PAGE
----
Though the fact that this gloriously colored painting depicts a housemaid and thus raises all kinds of troublesome questions about whether when housework is elevated to a profession, we can still consider it within our remit of "housewives in art", nevertheless it features a woman involved in domestic work, and as it is my blog I do believe I can change the rules on the merest whim or fancy for what you must agree is a truly lovely work of art...
Intriguing because it features a woman who makes her living doing manual labour, in this painting she stands transfixed beside what could be the writing desk, where Vanessa Bell herself could have sat down to write her now famous collection of more than 3000 letters.
But like everything else to do with Charleston, ultimately it is the use of color that separates this somewhat ordinary domestic scene apart. Look at those muddy plums and purples! That it should seem both vibrant and muddy seems to me to describe the truth about housework, and though this painting depicts a scene of privileged bohemia, at Vanessa Bell's hand, housework becomes a thing of beauty.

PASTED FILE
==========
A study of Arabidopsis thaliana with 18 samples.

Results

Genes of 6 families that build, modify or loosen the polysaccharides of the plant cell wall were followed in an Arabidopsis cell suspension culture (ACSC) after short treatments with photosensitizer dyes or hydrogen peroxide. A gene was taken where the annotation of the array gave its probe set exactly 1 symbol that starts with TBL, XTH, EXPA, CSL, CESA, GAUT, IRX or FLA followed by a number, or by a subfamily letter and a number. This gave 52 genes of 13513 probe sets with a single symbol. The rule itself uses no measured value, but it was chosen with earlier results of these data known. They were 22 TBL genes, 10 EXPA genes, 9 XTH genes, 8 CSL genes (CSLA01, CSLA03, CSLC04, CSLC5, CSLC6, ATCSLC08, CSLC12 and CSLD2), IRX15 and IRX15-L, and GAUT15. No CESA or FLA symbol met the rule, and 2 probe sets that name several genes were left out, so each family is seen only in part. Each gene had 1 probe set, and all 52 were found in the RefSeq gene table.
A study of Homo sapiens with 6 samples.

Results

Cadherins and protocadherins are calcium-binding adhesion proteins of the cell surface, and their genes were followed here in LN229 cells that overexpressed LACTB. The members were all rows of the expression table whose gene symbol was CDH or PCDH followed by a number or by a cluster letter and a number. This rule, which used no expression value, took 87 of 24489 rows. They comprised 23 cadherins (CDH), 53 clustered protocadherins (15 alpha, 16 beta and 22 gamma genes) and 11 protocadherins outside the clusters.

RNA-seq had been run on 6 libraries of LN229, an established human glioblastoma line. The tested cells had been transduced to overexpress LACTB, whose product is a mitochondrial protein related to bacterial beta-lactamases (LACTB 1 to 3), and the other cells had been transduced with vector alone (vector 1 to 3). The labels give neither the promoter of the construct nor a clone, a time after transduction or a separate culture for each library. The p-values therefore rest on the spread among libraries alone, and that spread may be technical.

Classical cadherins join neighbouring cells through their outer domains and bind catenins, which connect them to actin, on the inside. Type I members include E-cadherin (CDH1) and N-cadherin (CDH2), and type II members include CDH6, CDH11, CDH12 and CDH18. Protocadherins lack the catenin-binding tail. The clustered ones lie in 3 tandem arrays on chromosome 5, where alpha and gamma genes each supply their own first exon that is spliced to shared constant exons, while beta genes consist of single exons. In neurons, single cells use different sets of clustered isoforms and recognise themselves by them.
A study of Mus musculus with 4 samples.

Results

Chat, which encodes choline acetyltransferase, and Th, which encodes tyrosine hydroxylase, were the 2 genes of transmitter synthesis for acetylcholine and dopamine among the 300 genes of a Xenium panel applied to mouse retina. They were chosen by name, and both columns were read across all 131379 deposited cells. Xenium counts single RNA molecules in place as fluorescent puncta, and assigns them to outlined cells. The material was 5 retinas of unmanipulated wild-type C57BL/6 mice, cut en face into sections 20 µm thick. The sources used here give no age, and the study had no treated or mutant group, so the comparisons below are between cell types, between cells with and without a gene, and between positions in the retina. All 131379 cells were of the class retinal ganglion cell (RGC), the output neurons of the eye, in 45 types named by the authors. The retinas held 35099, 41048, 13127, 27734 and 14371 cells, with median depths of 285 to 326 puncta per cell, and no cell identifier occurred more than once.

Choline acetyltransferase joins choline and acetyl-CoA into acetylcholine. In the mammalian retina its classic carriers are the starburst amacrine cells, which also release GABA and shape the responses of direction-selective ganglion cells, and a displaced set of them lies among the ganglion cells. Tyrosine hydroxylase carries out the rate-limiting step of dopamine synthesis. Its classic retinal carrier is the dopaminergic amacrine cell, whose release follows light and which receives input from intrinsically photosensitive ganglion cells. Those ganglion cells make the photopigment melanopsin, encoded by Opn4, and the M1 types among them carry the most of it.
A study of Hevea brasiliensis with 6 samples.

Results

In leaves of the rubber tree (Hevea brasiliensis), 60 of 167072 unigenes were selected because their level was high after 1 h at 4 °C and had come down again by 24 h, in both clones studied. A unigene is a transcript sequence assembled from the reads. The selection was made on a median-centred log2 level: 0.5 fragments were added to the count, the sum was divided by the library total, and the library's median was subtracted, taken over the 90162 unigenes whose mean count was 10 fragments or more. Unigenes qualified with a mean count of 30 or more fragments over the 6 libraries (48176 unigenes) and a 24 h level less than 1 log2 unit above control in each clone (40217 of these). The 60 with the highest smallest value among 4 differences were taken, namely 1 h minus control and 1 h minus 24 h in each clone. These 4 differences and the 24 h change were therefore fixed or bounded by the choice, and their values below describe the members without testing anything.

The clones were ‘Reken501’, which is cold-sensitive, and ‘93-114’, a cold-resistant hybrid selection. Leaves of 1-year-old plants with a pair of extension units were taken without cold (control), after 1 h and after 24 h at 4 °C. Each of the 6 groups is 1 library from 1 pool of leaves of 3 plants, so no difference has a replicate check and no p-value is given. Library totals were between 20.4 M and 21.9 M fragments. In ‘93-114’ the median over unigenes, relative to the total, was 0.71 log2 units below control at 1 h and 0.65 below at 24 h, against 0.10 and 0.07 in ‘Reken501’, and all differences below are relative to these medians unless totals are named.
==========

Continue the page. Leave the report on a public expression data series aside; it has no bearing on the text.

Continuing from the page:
Amazon.com: The Letters of Vanessa Bell: Vanessa Bell, Regina Marler, Regina Mahler, Quentin Bell: Books
Vanessa Bell was a central figure in the Bloomsbury Group. The sister of Virginia Woolf and wife of Clive Bell, she lived at what is now the shrine of the Bloomsbury Group - Charleston Manor in Sussex, as part of a "menage a trois" with her husband and the artist Duncan Grant. There are more than 3000 of Vanessa Bell's letters which survive. They show her to be an extremely unconventional woman for her time.